Improving Collaboration in Design Teams

vectorstock_1956574contributed by  Jeff Caldwell

In the collaborative world of design, working together is key. When you’re planning a renovation or creating a new structure, there are many individuals involved in the process, all of whom must come together to create the finished product, from the project architect (PA) and the client to the civil engineers and the landscape architects. So how do you get so many different perspectives on the same page? Can you? Are there ways to encourage effective collaboration and amicable partnerships? The good news is yes. With that in mind, to help you get your key players functioning as a uniform whole, here are key tips for boosting collaboration, communication and, by extension, success in your upcoming projects.

1. Make Communication a Priority

The most important factor in how successfully a design team functions is how well its members communicate with each other and with clients. The finance team could have a certain budget in place, but the architects are making changes without discussing them with finance staff, leading to overspending and tension among the team members. That’s why everyone on the team needs to keep everyone else apprised of developments, changes and concerns throughout the process. How can you make this easier for your specific group?

  • Assess Your Team: When assessing your team's ability to communicate, don't just look at project managers and assume that they're good indicators of the way things are. Decision-making staff may think they're being perfectly clear when actually they’re not as insightful or straightforward as they believe, especially when it comes to technical issues. To truly assess how things are going, garner responses from architects, designers, engineers, the client and so on. Ask for confirmations to gauge comprehension of the team’s goals and projects, and make open feedback an intrinsic part of the way you conduct business.
  • Establish Specific Processes: Put processes in place for your projects in order to establish who does what, and when and how. Give team members a place to go with problems. Provide a format or software for regular collaboration. “A good process establishes the roles and responsibilities, sets expectations around communication with other teams and aids in defining deliverables for the team,” says Mitch Ruebush at Developer Fusion. “Once you have a process you can work at making it more efficient and showing value through metrics and successful interactions with other business and IT processes.” When everyone on your team knows his or her responsibilities and is given the tools and time to accomplish them, your team automatically functions better.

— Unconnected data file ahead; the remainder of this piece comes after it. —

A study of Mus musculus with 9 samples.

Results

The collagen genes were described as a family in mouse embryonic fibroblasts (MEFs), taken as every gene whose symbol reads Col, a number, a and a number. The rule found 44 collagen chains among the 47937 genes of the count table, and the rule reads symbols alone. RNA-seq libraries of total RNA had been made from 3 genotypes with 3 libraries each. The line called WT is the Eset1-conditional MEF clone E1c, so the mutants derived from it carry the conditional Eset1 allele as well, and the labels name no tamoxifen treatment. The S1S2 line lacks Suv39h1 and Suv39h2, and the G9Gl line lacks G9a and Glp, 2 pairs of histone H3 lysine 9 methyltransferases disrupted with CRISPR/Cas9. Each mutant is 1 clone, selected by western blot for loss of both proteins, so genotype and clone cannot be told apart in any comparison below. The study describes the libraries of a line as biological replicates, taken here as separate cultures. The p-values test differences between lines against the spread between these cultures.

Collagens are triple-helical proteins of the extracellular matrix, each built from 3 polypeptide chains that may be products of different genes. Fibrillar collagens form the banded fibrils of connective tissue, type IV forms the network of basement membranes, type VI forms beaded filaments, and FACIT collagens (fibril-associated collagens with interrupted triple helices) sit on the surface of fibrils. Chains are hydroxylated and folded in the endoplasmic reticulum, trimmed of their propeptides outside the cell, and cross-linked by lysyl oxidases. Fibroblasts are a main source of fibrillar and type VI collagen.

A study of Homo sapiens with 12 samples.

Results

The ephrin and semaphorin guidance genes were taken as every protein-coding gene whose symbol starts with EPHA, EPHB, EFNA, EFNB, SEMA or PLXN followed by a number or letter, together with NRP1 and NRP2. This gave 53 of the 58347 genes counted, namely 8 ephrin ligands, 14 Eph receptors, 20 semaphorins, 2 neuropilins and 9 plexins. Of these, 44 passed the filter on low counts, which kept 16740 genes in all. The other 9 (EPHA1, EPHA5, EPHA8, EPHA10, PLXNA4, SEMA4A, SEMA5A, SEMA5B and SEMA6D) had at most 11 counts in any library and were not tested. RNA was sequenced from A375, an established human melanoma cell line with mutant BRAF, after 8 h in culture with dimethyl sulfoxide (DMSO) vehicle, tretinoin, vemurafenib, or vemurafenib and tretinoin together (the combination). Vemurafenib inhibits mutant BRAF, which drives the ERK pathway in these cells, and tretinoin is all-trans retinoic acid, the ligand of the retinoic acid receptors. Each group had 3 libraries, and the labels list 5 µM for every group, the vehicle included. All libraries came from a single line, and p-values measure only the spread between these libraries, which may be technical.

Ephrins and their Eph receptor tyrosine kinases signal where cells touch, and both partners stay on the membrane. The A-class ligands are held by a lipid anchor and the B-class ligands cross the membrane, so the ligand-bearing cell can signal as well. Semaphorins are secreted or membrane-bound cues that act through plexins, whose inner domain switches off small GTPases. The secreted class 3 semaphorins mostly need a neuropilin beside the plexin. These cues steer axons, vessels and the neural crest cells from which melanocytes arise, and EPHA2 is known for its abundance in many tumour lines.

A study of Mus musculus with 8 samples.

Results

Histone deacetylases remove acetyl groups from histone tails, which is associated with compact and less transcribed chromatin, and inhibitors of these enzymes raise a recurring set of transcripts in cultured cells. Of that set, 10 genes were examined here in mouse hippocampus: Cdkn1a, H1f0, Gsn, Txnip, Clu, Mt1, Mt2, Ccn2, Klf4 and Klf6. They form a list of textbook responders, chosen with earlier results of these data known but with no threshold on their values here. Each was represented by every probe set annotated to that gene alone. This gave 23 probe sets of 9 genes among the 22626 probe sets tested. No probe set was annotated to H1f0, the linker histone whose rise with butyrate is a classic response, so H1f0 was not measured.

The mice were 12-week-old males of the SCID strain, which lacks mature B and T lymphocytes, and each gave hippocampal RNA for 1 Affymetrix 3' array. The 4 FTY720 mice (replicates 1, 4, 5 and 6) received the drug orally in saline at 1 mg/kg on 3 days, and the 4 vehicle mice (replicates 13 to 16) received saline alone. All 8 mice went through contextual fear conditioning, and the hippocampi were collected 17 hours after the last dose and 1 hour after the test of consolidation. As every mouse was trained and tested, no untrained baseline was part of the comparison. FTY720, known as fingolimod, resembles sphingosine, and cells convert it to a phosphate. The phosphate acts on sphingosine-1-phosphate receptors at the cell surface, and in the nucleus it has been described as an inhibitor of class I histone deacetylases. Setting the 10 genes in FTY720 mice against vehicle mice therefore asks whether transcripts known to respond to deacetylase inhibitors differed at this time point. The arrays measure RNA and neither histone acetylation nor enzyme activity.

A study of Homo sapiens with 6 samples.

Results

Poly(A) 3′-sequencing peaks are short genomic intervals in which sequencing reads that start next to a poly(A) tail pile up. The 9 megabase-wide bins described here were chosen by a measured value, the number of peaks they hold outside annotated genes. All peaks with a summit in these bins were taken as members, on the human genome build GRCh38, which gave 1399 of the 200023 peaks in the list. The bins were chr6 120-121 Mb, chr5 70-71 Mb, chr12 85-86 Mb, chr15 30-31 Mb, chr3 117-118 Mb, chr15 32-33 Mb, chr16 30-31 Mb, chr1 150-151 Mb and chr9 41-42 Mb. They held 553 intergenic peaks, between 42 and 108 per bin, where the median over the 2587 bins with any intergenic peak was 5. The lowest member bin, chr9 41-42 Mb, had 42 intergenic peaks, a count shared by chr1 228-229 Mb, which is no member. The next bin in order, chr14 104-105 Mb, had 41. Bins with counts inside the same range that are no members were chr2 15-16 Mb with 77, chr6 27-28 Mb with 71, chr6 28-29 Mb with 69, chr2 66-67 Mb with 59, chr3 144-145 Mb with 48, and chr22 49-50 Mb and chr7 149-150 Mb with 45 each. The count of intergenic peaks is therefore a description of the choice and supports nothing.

2. Set Clear Expectations for Sharing

There are countless situations in which sharing can cause team conflicts. For instance, designers who have to share their work areas with engineers may be hurting for space yet feel uncomfortable about voicing their concerns. In other cases, a single team member in the same department may dominate his or her peers due to perceived seniority or some other factor. When one person on the team overrides the preferences and needs of the others, it's harder for people to work together.

That’s why you must establish standards for sharing. It's fine to institute a hierarchy based on seniority or performance, but ensure that you set the ground rules early on so that nobody abuses their privileges. While considering workplace preferences, such as meeting times, resource accessibility and other critical factors, never rely on unfounded opinions without making a detailed empirical assessment. Try different schemes and evaluate them based on open group feedback to determine which facilitates superior functionality.

3. Provide Accountability and Reward Do your team members feel that their work actually matters, or do they feel like anyone could fill their role? One of the potential drawbacks to group organization is that some people tend to sit back and let others pick up the slack, particularly if they feel undervalued or unmotivated. If your landscape designers are treated as the unimportant extras in a project, it will affect collaboration. If the engineers don’t give the project architects adequate space to do their job, it will create problems. And while you could write off work conflicts as something caused by the few bad apples in any group, the truth is that the corporate culture you create also plays a major role.

It's important to recognize team members for their positive output as well as their mistakes. So while instituting penalties for failure is largely unproductive, incentivizing people to succeed will often motivate them to work together and compete in a healthy fashion as they build designs and complete projects. Set the tone by showing your appreciation for those who do things right, and others will follow suit in creating a more positive corporate culture. This encourages teamwork across your staff and provides incentive for collaboration.

Whatever structural design project you’re managing, teamwork is critical. Learn how to recognize the signs of cooperation, and facilitate free and open feedback in order to see drastic improvements in the way your staff accomplishes tasks. About the author: Jeff Caldwell is Brand Manager of Litchfield Landscape Elements in Carrollton, GA. Litchfield Landscape Elements accepts shelter design challenges from designers, landscape architects, and architects around the world, creating custom shelters specific to your outdoor needs.